Registered User
Joined Oct 2012
42 Posts
Question
Dihedral

Do aircraft need dihedral? Be it positive or negative I've read it's used to offset another overbearing part of the plane's design. I've built a couple foamies with no dihedral or a zero degree dihedral and they seem to fly fine. They do tend to roll much faster though, which I kinda like. My newest foamy I want to have a good glide aspect, so is dihedral something that will help that or are good gliding characteristics just more wingspace?
An itch?. Scratch build.
eflightray's Avatar
South Wales U.K.
Joined Mar 2003
12,451 Posts
You really could do with some dihedral if you fly rudder only. Models with aileron control do not need dihedral.
Gone Fly'n
planecrazy1969's Avatar
USA, NV, Las Vegas
Joined Jan 2007
282 Posts
Hi pizatio...my understanding is that dihedral is not necessary, but helps in stabilizing level flight...kind of helps the plane self right itself...if you understand what I'm saying...great thing to have for a beginner or an RET (rudder, elevator, throttle) setup.
"Fly, yes... Land, No"
OutcastZeroOne's Avatar
United States, CA, Santa Cruz
Joined May 2005
1,311 Posts
On a side note, I have a pusher that I've been working on for the past few months. One version of the plane has canards with a dihedral to them, while the main wing is level. Just the dihedraled canards are enough to get the plane to self level out of a turn. So you dont need the main wing to have that aspect. Ive herd that diherdran has a detromental effect aswell, something beyond roll rate, but cant remember what it was right now.
Build straight - Fly twisty
Whiskers's Avatar
Australia, QLD, Little Mountain
Joined Feb 2010
4,044 Posts
You need dihedral on a RET RC model and for a free-flight model.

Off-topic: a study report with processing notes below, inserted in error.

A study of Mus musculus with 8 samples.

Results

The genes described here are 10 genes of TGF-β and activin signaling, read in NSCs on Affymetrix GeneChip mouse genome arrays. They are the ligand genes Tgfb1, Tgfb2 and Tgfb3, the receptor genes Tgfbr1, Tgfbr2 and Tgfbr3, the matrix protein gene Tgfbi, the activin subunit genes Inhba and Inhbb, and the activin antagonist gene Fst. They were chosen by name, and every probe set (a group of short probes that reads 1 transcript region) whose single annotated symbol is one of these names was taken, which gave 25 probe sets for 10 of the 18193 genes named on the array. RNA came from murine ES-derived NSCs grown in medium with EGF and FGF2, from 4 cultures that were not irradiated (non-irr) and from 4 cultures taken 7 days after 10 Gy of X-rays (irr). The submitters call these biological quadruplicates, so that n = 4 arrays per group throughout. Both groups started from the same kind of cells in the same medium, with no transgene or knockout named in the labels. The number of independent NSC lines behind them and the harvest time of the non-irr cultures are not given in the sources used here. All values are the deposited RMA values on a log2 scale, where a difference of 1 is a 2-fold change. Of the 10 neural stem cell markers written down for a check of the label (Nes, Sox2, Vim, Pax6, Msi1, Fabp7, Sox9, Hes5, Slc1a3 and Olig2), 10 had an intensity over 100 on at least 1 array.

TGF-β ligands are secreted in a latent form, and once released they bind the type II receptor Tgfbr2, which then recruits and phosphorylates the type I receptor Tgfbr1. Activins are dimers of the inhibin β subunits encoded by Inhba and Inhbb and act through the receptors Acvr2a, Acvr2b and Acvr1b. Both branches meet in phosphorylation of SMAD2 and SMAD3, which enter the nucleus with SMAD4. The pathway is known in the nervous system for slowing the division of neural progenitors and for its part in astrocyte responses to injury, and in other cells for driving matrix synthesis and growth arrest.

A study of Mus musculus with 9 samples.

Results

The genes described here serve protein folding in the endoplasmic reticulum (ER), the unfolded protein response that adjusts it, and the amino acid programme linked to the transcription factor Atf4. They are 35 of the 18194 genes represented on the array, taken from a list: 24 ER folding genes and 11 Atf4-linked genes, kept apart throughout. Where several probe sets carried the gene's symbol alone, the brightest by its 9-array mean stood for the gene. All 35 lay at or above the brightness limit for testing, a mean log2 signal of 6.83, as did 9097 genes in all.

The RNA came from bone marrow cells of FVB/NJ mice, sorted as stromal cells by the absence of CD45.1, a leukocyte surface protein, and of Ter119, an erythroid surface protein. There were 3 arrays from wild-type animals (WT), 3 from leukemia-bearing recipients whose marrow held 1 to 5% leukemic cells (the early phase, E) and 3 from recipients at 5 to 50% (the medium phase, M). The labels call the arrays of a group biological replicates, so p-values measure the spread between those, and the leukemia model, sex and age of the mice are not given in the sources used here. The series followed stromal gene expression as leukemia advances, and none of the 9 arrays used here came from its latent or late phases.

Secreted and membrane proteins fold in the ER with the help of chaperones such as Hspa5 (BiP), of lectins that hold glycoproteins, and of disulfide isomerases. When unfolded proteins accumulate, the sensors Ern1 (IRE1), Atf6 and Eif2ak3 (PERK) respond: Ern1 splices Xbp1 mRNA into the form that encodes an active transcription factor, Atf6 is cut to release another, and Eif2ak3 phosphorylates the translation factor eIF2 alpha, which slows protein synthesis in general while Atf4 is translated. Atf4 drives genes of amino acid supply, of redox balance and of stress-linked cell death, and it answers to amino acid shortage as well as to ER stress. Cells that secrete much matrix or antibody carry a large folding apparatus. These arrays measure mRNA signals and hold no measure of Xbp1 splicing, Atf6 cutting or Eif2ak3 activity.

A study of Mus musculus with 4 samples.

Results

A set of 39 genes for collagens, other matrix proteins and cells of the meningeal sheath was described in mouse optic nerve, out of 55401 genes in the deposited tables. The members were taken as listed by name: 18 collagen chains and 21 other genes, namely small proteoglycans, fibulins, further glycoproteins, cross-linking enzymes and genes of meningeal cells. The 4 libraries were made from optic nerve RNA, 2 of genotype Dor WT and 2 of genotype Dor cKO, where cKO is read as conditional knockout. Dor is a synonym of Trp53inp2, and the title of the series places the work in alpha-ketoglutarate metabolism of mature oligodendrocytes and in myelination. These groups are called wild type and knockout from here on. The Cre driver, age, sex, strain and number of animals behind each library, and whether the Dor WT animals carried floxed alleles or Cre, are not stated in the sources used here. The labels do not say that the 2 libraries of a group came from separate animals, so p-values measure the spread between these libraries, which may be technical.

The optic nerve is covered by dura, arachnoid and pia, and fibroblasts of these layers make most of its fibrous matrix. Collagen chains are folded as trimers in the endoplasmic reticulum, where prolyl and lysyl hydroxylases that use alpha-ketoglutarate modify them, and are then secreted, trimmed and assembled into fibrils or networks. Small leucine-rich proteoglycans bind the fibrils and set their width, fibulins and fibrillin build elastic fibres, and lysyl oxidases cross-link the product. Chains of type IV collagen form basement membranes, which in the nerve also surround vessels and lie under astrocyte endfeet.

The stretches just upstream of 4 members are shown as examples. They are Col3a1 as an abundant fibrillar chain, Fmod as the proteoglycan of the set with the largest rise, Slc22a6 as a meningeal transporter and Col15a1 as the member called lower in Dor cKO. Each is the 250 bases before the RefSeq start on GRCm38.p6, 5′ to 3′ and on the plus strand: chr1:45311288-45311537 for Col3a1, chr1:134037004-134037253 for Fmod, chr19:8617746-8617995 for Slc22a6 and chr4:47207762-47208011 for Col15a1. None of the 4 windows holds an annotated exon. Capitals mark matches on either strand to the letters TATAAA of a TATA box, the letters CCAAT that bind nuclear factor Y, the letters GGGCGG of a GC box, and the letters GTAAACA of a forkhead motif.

You don't need dihedral on an AET or ARET model. A flat wing is (slightly) easier to build and can be made (slightly) lighter and they fly beautifully.
You can use dihedral on these to provide a measure of self-correction in the Roll Axis, but this will come at the price of more rock and roll due to cross-winds and wind turbulence. Landings can therefore become difficult in turbulent conditions when the wind direction and speed are unpredictable.
Dihedral is bad for aerobatic planes. These need to go where they are pointed and not ever want to self-correct.
Dihedral reduces the efficiency of a wing, so for planes designed for the best L/D ratio flat (or almost flat) wings are the choice here.
Please use the right dihedral on a scale model. It is such a large part of the "look."
An itch?. Scratch build.
eflightray's Avatar
South Wales U.K.
Joined Mar 2003
12,451 Posts
The really noticeable difference comes when you fly your first low winger aileron job with a flat wing.

Fly it straight out in front and give rudder. Most models of that type will carry on in a fairly straight path but crabbed, (side slipping), they do not turn like a wing with dihedral. They will eventually start to turn in a horrible way as the thrust line is now pointing to one side.

Likewise, trying to fly a RET without any dihedral will give very poor quality turns, plus it will lose the natural ability to recover itself with wings level if you let go of the sticks.

Dihedral is there to make the RET plane much easier to fly when aileron isn't available to keep the wings level.

Having too much dihedral can make for a very wallowy flight as the rudder control end up fighting the dihedral.